2020 proved to be a record year for large industrial transactions, driven by significant growth in online shopping and retailers keeping more inventory on hand. Across the country, 48 leases of 1 million square feet or larger were recorded, a significant increase from 29 leases of this size the year prior, according to CBRE.
The average transaction size of the top 100 industrial deals in the U.S. increased last year to 1,038,183 square feet, a significant jump over 2019’s average of 887,594 square feet. In total, the top 100 transactions accounted for 103.8 million square feet, representing a year-over-year increase of 17%.
E-commerce occupiers, companies that exclusively ship directly to consumers, led the country with 35 transactions totaling 37.3 million square feet —nearly double the 18 signed in 2019. General retailers and wholesalers that distribute both to brick-and-mortar stores and directly to consumers accounted for 32 of the top 100 transactions, totaling 35 million square feet.
“Industrial continues to be the most in-demand asset class in commercial real estate,” said John Morris, executive managing director and leader of CBRE’s Americas Industrial & Logistics business. “As more consumers shopped online during the pandemic, and as retailers stocked more inventory to meet demand and avoid shortfalls, large industrial transactions hit record highs in 2020. With the fourth quarter recording the largest single-quarter for industrial net absorption on record, we expect strong demand to continue in the new year.”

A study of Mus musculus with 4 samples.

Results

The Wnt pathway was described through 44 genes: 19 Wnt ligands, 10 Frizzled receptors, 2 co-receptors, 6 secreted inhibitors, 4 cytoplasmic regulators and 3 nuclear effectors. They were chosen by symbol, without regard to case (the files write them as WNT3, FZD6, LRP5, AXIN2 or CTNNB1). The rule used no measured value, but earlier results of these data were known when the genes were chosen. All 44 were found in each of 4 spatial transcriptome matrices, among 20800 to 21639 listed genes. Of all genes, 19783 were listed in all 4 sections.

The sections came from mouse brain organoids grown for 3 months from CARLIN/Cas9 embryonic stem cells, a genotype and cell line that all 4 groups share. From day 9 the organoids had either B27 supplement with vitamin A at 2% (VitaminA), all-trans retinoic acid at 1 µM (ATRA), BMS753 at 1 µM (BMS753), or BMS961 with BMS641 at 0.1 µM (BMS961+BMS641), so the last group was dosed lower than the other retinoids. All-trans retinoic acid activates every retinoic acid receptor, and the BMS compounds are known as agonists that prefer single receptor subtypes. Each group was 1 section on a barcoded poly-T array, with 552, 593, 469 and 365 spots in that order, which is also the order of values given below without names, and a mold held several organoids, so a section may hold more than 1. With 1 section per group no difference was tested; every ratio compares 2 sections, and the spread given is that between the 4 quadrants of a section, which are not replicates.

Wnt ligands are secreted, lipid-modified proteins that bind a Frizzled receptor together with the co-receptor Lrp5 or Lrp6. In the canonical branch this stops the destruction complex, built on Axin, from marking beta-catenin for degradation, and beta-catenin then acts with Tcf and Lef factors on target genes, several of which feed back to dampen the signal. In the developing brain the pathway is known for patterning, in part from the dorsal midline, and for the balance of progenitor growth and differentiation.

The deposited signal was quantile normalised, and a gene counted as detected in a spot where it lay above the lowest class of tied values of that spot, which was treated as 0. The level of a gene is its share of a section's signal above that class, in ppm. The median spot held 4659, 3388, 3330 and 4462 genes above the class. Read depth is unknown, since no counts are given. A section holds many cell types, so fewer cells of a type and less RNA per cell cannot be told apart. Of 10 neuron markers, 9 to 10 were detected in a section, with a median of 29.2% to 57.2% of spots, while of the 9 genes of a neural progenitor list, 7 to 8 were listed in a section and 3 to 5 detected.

Breaking it down by market, Phoenix, along with Memphis, had 3 large transactions.
During the last quarter of 2020, Greater Phoenix was engaged with a staggering 50 companies tied to ecommerce and specialized manufacturing industries that were looking for large spaces and with 20 of them needing 500,000 square feet or more,” said Phoenix-based Senior Vice President Jackie Orcutt“Given Arizona’s burgeoning population growth, quality of life and relative affordability as compared with its coastal neighbor, Greater Phoenix has truly turned into a prime strategic location for technology and manufacturing companies.”
She added, “Arizona has located more than 12,500 jobs in the past 18 months tied to specialized manufacturing. Much of this is in large part due to our outstanding supply chain program at ASU, among others. All this is to say, the greater Phoenix area has become highly competitive, which is only going to boost demand for large industrial space in the region.”